Hansen Yuncken continues Adelaide Casino ties through $330m expansion


National commercial building company Hansen Yuncken will revisit its history with SKYCITY Entertainment Group when it delivers a $330m expansion of the Adelaide Casino over the next two years.

The major builder worked on the original casino development back in 1985, a time when the Adelaide Riverbank was in stark contrast to the contemporary backdrop it provides today.

The significant expansion will deliver a world-class entertainment precinct and create 1000 construction jobs and a further 800 permanent positions upon its completion.

Set to feature a 123-room luxury hotel, new bars, cafés, restaurants, a 750-seat function space, VIP gaming facilities and a 1500-space car park, the development is the largest private sector investment in Adelaide’s history.

An artist’s impression of the new Adelaide Casino.

For Hansen Yuncken, the casino expansion will join a portfolio of other large infrastructure projects which have helped shape the city over the past 80 years.

State manager Mark Rosenboom says the company is proud to have an input into the development which is expected to draw high end tourists and attract more people to the riverbank.

“This project is going to benefit the city of Adelaide so much in terms of attracting tourists and bringing people into Adelaide specifically to be a part of this fantastic entertainment venue,” he says.

“It’s going to be a great boost for the state as a whole.”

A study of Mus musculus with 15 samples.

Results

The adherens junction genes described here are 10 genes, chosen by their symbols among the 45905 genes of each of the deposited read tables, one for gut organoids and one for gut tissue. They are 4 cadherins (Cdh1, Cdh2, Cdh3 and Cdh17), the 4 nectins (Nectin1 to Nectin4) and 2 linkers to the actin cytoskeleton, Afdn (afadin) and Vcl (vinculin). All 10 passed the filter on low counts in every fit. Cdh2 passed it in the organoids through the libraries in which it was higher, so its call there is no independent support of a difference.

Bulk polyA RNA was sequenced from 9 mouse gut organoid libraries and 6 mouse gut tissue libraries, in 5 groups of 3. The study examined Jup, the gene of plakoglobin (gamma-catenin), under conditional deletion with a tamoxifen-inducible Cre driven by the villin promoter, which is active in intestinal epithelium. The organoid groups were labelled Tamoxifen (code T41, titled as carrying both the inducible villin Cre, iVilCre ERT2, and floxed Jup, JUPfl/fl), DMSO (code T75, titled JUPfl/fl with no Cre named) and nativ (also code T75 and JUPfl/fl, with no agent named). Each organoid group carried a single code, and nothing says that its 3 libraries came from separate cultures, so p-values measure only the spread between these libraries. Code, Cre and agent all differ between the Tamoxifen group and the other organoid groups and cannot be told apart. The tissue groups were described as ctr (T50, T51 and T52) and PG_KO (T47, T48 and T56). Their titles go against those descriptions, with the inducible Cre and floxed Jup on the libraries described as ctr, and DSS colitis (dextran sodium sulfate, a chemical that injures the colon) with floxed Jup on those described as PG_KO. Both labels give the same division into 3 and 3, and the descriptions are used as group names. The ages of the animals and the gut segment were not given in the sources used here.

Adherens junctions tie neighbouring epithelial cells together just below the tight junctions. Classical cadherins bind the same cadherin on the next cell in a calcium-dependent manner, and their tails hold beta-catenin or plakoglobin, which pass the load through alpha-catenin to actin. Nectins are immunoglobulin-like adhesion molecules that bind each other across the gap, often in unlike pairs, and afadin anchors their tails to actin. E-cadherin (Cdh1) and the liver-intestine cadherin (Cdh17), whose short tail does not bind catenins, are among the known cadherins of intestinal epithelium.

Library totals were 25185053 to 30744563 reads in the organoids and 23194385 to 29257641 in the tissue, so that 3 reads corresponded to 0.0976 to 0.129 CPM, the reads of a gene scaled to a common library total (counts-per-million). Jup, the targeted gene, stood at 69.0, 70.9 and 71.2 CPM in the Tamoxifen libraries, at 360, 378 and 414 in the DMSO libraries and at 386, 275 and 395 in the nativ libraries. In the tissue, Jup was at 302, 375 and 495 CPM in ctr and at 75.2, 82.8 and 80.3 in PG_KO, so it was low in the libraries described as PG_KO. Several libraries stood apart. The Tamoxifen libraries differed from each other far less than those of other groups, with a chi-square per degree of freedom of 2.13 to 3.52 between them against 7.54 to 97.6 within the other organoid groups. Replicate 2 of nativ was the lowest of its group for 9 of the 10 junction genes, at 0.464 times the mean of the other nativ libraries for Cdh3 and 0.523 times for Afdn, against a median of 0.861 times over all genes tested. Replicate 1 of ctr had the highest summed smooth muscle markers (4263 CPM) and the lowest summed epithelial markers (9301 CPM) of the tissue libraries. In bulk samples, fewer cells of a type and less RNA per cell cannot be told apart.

Hansen Yuncken has begun construction on site, with works scheduled for completion in 2020.

The commercial building company is working predominantly with local contractors and suppliers on the 12-level building, managing its construction, logistics, quality and project safety.

Mark says the expansion will continue Hansen Yuncken’s 33-year relationship with the casino.

“We first worked on the original casino development back in 1985 and we’ve been involved in a number of upgrades since then too,” Mark says.

“Continuing the long history that we have with the Adelaide Casino is really important because our business is built on repeat clients and working on the same facilities and precincts over many years.”

While the Adelaide Casino expansion is the biggest project on Hansen Yuncken’s books at the moment, it’s certainly not the biggest in its history.

It was involved in one of the biggest, most expensive, and most significant builds in recent years – the construction of the $2.3 billion new Royal Adelaide Hospital, which opened its doors in 2017.

Hansen Yuncken state manager Mark Rosenboom.

Hansen Yuncken was founded in Melbourne in 1918, opening offices around the country thereafter, including one in Adelaide in 1939.

Its first Adelaide project was the former Bank of NSW office building on the corner of North Terrace and King William streets and now housing 2KW Bar and Restaurant and Jamie’s Italian Restaurant.

Since then Hansen Yuncken has been responsible for the old David Jones building in Rundle Mall, the Adelaide Botanic Gardens Bicentennial Conservatory, the 50 Flinders Street office tower, and the UniSA Cancer Research Institute, among others.

Mark says the key to Hansen Yuncken’s longstanding success in SA is the loyalty of the company’s staff and its ability to maintain long term relationships in the local market.

Hansen Yuncken was behind the construction of UniSA’s Cancer Research Institute.

“In some cases our project partners have gone over generations not just years,” he says.

“Being in Adelaide since 1939 means people understand that you’re here for the long run.”

Mark, who has been with Hansen Yuncken for 24 years, says it’s an exciting time to be a part of SA’s infrastructure industry.

“It’s an exciting time not just because of the volume of work that’s happening but the mix of private, state and federal investment,” he says.

“It’s a good blend and that’s a good sign for the future.”

Visit I Choose SA for Industry to learn more stories about key industry leaders, why they’ve chosen SA as a base and how the state is enabling them to succeed.